The University of Hong Kong should decide against appointing two professors from mainland China to top management roles to ensure academic freedoms are protected, the institution’s student union and opposition district councillors have said.
The union further warned it might take legal action or call a strike by its 16,000 members if the university’s council approved the postings on Tuesday as expected.
HKU’s search committee has recommended Max Shen Zuojun for the job of vice-president of research and Gong Peng for the role of vice-president of academic development.
Both hold positions at Tsinghua University in Beijing and the University of California, Berkeley.
Shen was listed as a Communist Party member on Tsinghua’s website until Thursday, when the title was removed. But a HKU source familiar with the matter said the academic was not a member and had spent most of his time at UC Berkeley in recent years despite taking up a honorary teaching role at Tsinghua in 2014.
The HKU Students’ Union president Edy Jeh Tsz-lam said appointing Shen and Gong would effectively send a message that locals no longer needed to study at the city’s top university.
“That is because academic freedom will be completely gone,” she said.
Jeh suspected Shen was still a party member and warned allowing him to oversee the university’s research would be dangerous.
“It is no different than allowing the government or the Communist Party to control the university,” she said.
Jeh intends to pass a petition letter to the university’s council an hour before it discusses the appointments on Tuesday. As of 8pm on Monday, the student union had collected 2,100 signatures.
If hired, the professors would take up their roles in January at the earliest and serve for five years.
The union president pointed to a possible conflict of interest as HKU vice-chancellor Zhang Xiang, who was involved in the search, previously held a position at UC Berkeley.
Central and Western district councillor Jordan Pang Ka-ho, a former vice-president of the student union, said the selection process lacked transparency, noting the composition of the search committee and its criteria were not made public.
“We also didn’t see any consultations,” Pang said, adding that in previous years, candidates had met different stakeholders.
Sai Kung district councillor Gary Fan Kwok-wai, a former lawmaker, urged the university to avoid rushing the decision, saying some people were worried about HKU retaining autonomy in research funding and human resource management.
But pro-establishment lawmaker Jimmy Ng Wing-ka, a member of The Court, the university’s legislative body, said the appointments were wrongly being viewed through a biased lens.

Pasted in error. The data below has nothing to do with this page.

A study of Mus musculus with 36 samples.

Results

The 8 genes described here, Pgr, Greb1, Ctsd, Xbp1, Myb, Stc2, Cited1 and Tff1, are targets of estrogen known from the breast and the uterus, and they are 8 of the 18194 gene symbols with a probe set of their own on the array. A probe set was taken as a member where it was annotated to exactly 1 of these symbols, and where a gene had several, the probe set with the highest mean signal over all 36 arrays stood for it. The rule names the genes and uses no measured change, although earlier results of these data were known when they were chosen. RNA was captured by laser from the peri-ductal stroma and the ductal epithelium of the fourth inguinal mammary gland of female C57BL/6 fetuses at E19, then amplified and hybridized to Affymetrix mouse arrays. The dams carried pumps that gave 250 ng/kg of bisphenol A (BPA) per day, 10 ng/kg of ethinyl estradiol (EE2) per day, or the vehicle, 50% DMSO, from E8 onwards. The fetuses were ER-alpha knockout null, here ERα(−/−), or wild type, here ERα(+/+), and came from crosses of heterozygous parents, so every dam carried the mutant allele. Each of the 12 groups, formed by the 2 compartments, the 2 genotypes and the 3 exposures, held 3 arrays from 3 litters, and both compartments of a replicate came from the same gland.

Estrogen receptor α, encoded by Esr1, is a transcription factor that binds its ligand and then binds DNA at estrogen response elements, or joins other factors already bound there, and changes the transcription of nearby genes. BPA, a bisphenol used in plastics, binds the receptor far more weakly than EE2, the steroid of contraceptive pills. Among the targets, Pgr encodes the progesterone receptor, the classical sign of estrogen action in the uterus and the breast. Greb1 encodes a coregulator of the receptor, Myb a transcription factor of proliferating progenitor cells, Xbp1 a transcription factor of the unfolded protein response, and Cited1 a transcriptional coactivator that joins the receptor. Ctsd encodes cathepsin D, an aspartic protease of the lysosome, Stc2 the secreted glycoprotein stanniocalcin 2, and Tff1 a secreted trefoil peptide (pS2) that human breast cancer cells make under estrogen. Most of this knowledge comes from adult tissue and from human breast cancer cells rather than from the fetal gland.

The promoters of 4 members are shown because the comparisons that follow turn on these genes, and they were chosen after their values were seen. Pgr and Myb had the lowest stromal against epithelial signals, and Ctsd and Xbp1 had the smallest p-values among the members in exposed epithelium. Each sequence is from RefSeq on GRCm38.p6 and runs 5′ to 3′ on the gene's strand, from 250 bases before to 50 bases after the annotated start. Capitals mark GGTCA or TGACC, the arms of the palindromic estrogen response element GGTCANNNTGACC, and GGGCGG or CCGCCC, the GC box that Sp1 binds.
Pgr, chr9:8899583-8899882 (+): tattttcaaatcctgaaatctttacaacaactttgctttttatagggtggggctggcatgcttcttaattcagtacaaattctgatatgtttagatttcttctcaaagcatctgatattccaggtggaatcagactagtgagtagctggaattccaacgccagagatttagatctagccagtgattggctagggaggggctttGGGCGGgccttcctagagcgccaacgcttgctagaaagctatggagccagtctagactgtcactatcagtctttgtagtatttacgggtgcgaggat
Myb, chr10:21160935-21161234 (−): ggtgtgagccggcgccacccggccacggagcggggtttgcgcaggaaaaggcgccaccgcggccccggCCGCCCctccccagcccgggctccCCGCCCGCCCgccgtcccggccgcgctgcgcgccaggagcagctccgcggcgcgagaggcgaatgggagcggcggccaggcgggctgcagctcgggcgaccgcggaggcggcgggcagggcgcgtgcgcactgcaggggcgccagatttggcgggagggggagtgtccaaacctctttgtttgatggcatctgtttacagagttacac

“Does anyone ask a local university to explain when they appoint an American into a senior management position?” Ng said. “People are concerned because the professors are coming from Tsinghua.”
Freedoms in Hong Kong would be protected if people and institutions abided by the law, he argued.
“There’s no law or rule saying that professors cannot have political affiliations. If professors cannot have political affiliation, those ‘yellow’ academics should be dismissed,” he said, referring to professors supportive of last year’s anti-government protests.
A concern group consisting of HKU alumni, meanwhile, called on Shen to clarify whether he was a party member. They also warned that two highly ranked professors coming from Berkeley backgrounds might lead to the formation of a clique. “It will not be good for the university’s development,” a representative said.
But HKU council member Professor Lo Chung-mau told a Monday evening radio programme the ongoing public discussion about the university’s staffing process represented “serious interference”.
“Why is the university now being put on the table? We have followed all the mechanisms during this recruitment. Why is there a need for discussion from the whole world?” Lo asked.
It would be absurd to make a hiring decision based on whether or not a candidate was from the mainland, Lo added, saying the only consideration should be their academic credentials.
An HKU spokesman said: “The HKU council’s meeting agenda is confidential. Key personnel appointments will only be announced after all procedures are completed. It is not appropriate for the university to comment at this stage.”
HKU came under fire in July when its council overturned an inquiry committee’s findings on whether to fire law scholar Benny Tai Yiu-ting, one of the co-founders of the Occupy movement calling for political reform in 2014, after he was sentenced to 16 months’ jail over two public nuisance charges relating to protests.
In another controversial incident, liberal law scholar Johannes Chan Man-mun was recommended for the post of pro-vice-chancellor in 2014, but was eventually snubbed after being targeted by the pro-Beijing camp.
In the late 1930s, the Federal Reserve Board refused to admit it was a government institution. So Patman convinced the District of Columbia’s government to threaten foreclosure of all Federal Reserve Board property; the Board quickly produced evidence that it was indeed part of the federal government.